Responding to customers on social media can be an obstacle for even the most savvy social media expert. Even the Prime Minister summed up – in his own eloquent way – the problems we can all face on social media.
“The trouble with Twitter, the instantness of it – too many tweets might make a t%@t.”
David Cameron MP
Social media can be one of the toughest platforms for your business. This opinion arena can affect your business, irrespective of whether you have a social media account or not. If your customer isn’t happy, they can let the rest of your customers and potential customers know about it – whether you like it or not! What’s worse, if you don’t even acknowledge the complaint head-first on social media (not to mention in a reasonable time frame!) this can only damage your reputation further.
So what are the actions you should take against unhappy customers who raise complaints on social media and how should you tackle responding to customers on social media?
Communication Is Key On Social Media
Nobody likes to be criticised, but the worst thing you can do is ignore a complaint. It’s easy to ignore someone once they have expressed their complaint, but ignoring them can lead to further problems later down the line. Your reputation is at stake after all. A dissatisfied customer wants someone to listen to them, so by responding to customers on social media and acknowledging their complaint, your customer knows you are doing something about the issue.
Your customer has been given the opportunity to express their viewpoint, so now they want to know that what they has been listened to and understood and that someone actually cares about what they’ve said! Respond to customers on social media with empathy. Understand their frustrations, their disappointment and the acknowledge the facts of the situation that are causing them to feel like that.
The Name Game
One important rule to remember when responding to customer on social media is to call someone by their name. This makes your response more personal. Recognising who you are speaking demonstrates to the customer that you are taking a tailored approach to their complaint, you are taking what they say seriously and you realise that their complaint is important. Using a customer’s name shows that you care about speaking to them as a human being and that you’re not simply copying and pasting a response from a customer service script without really understanding what the problem is.
Sorry Seems To Be The Hardest Word
Many organisations drill into their customer service team to never use the word sorry, especially when responding to customers on social media. But why? Your customer wants to hear that you are sorry for the inconvenience caused to them. Expressing empathy before apologising demonstrates that you understand the reason for your apology. Don’t forget the difference between apologising for something that was your fault and apologising without accepting the blame, for example, “I’m sorry for the misunderstanding” or “I’m sorry you feel you weren’t treated fairly”.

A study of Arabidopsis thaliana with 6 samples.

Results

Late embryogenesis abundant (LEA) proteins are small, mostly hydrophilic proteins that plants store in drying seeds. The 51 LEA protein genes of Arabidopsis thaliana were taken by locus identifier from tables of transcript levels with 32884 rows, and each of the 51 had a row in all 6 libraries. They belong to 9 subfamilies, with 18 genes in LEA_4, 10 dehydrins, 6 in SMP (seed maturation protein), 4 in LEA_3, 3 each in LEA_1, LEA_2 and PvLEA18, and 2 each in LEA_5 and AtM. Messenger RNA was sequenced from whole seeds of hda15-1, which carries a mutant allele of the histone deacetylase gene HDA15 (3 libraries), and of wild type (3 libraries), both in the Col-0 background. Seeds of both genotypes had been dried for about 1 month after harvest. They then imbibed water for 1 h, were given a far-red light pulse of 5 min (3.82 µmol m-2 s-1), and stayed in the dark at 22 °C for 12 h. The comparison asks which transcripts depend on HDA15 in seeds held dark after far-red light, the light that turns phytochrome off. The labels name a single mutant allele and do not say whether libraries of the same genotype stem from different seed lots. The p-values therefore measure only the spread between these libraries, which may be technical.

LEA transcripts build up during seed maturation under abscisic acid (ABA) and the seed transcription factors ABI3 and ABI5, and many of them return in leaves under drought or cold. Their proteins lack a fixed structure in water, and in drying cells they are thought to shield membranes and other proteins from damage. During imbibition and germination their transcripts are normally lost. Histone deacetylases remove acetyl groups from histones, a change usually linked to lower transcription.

Customers complain because they feel something needs to be done to resolve whatever went wrong. If you can fix a problem straight away, then do so. If not, action needs to be taken. Tell your customer exactly what you’re going to do to resolve the problem. A clear explanation goes a long way in making the customer feel like something is going to be done about their problem. You want to instil a sense of confidence when responding to customer on social media. Tell them that you will work to resolve their complaint and leave them feeling satisfied that they have been dealt with in a fair way.
If your business offers good customer service, your reputation can proceed you. This goes hand in hand with how someone may complain to you. If your company is renowned for listening to customers and dealing with them in a fair way, this will be reflected in how customers approach you too. Customers will be less aggressive in their approach if they know your company treats them like a human being and actually listens to them. We all remember the times we were treated unfairly or experience really bad customer service, but we especially remember when we were surprised to have received excellent customer service! Don’t forget, all customer service complaints aren’t that bad! Sainsbury’s responded to one customer on Twitter with a series of fish puns, which made light of a missing bar code situation.
Social media continues to grow as an immediate channel for customer engagement. One way to ensure that you provide excellent customer service via your social media channels is to have ongoing social media management support.